Morrison, Trevor battle for votes in changing district
Republican state Rep. Tom Morrison and Democratic challenger Maggie Trevor have been knocking on doors to pitch their credentials to voters in a Northwest suburban district they agree is growing more politically diverse.
The 54th House District, which includes portions of Arlington Heights, Barrington, Hoffman Estates, Inverness, Palatine, Rolling Meadows and South Barrington, traditionally has been solidly Republican. Morrison, a Palatine resident who defeated 12-year incumbent Suzanne Bassi in the 2010 GOP primary, is seeking his fifth term.
But in 2016 -- when Morrison was unopposed -- Hillary Clinton won the district by 13 percentage points in the presidential race, prompting local Democrats now to get behind Trevor, who grew up in Rolling Meadows but returned in 2015 after time on the West Coast.
During a recent interview with the Daily Herald Editorial Board, the candidates agreed there are more younger, traditionally Democratic voters who have moved to the district. But they disagreed about what voters' priorities are and which candidate would have the greater appeal.
Morrison, who holds conservative views on fiscal and social issues, has spent much of his campaign focusing on the former, calling for a property tax cap and state constitutional amendment to enact pension changes and voting against the 2018 state budget he characterized as unbalanced because of the state's unpaid bills.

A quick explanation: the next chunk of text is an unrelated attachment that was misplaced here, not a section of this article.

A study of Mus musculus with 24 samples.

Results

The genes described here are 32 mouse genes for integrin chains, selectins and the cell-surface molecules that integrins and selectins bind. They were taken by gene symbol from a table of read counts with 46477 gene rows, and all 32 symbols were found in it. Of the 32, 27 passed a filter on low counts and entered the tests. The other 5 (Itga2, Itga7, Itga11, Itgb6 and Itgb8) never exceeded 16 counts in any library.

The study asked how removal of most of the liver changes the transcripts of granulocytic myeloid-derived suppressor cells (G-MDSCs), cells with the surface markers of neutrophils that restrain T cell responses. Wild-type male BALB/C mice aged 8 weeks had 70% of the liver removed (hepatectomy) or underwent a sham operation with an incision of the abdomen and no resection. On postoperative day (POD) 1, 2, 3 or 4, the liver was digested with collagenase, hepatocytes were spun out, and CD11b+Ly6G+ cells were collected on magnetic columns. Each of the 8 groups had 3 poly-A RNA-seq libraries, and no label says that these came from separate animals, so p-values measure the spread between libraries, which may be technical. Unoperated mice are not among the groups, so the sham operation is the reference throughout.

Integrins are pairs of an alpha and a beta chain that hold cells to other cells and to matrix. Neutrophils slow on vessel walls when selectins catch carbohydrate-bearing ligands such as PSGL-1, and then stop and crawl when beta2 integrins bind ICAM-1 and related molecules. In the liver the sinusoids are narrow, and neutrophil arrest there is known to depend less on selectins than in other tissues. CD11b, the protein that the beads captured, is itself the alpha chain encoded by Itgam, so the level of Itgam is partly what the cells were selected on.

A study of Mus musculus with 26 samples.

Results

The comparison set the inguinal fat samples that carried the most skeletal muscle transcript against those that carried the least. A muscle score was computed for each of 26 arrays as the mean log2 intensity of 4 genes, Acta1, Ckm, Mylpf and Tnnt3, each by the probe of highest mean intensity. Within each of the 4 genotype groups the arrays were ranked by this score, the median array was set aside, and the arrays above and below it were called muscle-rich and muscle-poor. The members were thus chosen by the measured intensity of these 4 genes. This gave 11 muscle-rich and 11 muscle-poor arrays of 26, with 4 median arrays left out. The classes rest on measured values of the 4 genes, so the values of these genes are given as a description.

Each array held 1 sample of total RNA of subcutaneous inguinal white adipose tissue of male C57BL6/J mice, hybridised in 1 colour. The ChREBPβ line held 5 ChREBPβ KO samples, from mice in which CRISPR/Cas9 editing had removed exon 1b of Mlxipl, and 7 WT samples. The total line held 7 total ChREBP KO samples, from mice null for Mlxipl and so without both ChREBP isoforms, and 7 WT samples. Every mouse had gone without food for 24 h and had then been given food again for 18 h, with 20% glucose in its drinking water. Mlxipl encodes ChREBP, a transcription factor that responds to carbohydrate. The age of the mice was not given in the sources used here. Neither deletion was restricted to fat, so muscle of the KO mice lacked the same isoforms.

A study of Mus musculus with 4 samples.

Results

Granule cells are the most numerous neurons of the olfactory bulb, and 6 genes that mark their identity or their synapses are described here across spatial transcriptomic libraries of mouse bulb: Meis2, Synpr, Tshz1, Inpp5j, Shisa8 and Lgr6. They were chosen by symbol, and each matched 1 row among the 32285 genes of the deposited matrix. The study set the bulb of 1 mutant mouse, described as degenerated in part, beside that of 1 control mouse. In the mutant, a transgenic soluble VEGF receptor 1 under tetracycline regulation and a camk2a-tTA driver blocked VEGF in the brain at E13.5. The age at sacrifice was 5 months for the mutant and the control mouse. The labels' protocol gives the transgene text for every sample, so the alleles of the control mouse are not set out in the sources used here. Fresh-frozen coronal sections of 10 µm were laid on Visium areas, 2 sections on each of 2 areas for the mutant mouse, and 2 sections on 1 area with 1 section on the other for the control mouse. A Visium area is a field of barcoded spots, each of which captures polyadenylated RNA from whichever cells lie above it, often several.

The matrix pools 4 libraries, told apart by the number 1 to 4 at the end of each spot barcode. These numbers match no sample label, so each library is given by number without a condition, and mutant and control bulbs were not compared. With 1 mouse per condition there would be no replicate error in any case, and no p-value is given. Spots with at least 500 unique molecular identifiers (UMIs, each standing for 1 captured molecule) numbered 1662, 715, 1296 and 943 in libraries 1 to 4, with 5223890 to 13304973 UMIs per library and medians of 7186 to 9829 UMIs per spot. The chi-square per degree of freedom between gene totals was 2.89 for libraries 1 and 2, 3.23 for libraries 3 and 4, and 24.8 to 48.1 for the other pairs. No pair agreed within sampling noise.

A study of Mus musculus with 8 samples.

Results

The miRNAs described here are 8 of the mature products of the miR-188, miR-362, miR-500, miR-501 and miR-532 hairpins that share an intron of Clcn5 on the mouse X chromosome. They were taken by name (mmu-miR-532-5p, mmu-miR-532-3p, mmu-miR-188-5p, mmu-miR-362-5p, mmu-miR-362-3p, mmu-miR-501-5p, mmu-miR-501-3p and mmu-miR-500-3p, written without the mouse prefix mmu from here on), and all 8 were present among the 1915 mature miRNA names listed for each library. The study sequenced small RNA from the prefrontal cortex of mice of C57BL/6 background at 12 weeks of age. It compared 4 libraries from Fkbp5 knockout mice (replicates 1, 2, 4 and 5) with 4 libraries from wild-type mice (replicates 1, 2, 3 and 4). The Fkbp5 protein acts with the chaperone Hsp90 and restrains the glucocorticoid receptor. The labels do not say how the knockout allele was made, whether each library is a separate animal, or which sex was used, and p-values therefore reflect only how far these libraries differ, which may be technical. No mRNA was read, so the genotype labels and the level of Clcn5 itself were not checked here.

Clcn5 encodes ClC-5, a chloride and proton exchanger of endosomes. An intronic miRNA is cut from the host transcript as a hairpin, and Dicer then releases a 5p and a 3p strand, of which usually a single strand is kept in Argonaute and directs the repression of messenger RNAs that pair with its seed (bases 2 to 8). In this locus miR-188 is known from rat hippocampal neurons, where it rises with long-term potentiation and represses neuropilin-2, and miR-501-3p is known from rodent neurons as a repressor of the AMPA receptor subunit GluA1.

Much of his campaign literature tries to tie Trevor to longtime House Speaker Mike Madigan.
"What I remind voters is look, 'Maybe you vote for Hillary Clinton for president or Dick Durbin for senator, but if you vote for a Democrat for state rep, whether in Palatine or Park Ridge or Schaumburg, you are essentially handing another 2-year term over to Mike Madigan as speaker,'" Morrison said.
Trevor, who runs her own market research and business consulting firm, said she knocked on 5,000 doors to get her name on the ballot and wasn't slated by party bosses. She's now focusing her campaign efforts on Democrats, independents and "soft R's" -- those who vote occasionally in Republican primaries.
"I hear a lot of things you're hearing," she told Morrison during the interview. "But I'm also hearing the flip side. I'm hearing parents who are afraid to send their kids to school because of guns. I'm hearing women who are terrified of losing their reproductive rights. I do hear people who are upset at Madigan. I hear people who are upset at (Gov. Bruce) Rauner," Trevor said.
Trevor believes her support of abortion rights is in line with district voters' views -- and was the same position held by Bassi.
Morrison said he talks to some union members in the district who oppose his approach to pension reform but plan to vote for him because of his support of gun rights.